This article was published on October 18th, 2021
The Dutch monarchy can marry a person of any gender without giving up their right to the throne, the Prime Minister has said.
In what could possibly hint at a first Dutch gay royal marriage, Prime Minister Mark Rutte stated that Crown Princess Catharina-Amalia, 17, could marry someone of the same sex without giving up her crown.
“The government believes that the heir can also marry a person of the same sex. The Cabinet does not see that an heir or the King would have to abdicate the throne if he/she wished to marry a person of the same sex,” Rutte said in a written answer to questions from parliamentarians.
“Amalia, Duty Calls”
Princess Amalia is the eldest child to King Willem-Alexander and will turn 18 years old in December. Her future came under scrutiny following a publication about her life titled “Amalia, Duty Calls,” which questioned what would happen if the heir chose to marry a same-sex partner. Netherland’s old laws require that royals would have to abdicate the throne to do so.
Although the Netherlands was the first country to legalize same-sex marriage in 2001, the right wasn’t granted to the Dutch royalty seeing that there would be no heir to the throne.
The Prime Minister’s announcement came as royal marriages require the consent of the Dutch parliament. A few members of the Dutch royals have given up their place in the line of succession to marry someone without approval.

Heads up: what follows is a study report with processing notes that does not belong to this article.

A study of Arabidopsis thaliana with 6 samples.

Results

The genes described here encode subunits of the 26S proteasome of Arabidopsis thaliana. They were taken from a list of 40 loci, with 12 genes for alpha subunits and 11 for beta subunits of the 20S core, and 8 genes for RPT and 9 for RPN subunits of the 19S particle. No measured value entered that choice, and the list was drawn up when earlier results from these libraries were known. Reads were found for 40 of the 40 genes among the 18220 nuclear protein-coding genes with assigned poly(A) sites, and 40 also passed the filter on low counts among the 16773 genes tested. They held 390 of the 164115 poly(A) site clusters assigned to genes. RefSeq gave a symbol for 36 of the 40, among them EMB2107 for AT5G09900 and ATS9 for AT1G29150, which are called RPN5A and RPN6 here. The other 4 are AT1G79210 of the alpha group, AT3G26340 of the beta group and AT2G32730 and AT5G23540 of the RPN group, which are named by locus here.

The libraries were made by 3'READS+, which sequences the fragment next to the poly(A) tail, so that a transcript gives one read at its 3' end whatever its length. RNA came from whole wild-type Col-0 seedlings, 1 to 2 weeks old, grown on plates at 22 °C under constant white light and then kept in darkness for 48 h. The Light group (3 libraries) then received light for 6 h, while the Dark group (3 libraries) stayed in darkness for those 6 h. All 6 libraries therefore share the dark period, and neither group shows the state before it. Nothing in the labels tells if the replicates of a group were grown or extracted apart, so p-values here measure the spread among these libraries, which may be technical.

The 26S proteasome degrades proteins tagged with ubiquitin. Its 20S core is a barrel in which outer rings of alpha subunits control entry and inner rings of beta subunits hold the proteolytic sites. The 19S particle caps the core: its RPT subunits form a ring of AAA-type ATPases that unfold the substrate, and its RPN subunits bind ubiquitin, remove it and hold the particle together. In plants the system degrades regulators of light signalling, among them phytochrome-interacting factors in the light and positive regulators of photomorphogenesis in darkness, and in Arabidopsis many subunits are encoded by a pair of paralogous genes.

Amalia is yet to comment on the matter. Details about her personal life, including her sexual orientation, are not known to the public. She graduated high school in June and is expected to join university next year. The soon-to-be 18-year-old made headlines in June this year, after turning down the €1.6 million ($1.9 million) annual allowance from the state. She relinquished the money, arguing that it would make her feel ‘uncomfortable’.
Gay marriage and succession
However, Rutte said that he is uncertain about how gay marriage could affect later succession of the royal couple’s children. He added that it does not make sense to try to decide that now.
“It’s just very dependent on the facts and circumstances of the specific case, as you can see by looking back at how family law can change over time,” he said.
According to the PM, the situation is still “frightfully complicated” since a “lawful descendant” can only succeed the King or queen. He told Dutch TV: “Let’s cross that bridge if we come to it.”
This year marks the 20th anniversary of the first gay marriage in the Netherlands. Since its legalization in 2001, the Dutch government website reports that over 15,000 gay couples have married.
In the past, there have been instances of royal heirs from different countries hiding their sexuality.
In India, Prince Manvendra Singh Gohil became the country’s first openly gay royal figure. When he came out in 2006, people burned effigies of him in his hometown. His mother publicly disowned him before they reconciled almost a decade later.
In Britain, Lord Ivar Mountbatten, Queen Elizabeth II’s cousin, became the first royal to identify as gay in 2016 publicly. The 58-year-old later married his partner, James Coyle, in the British royal family’s first gay wedding.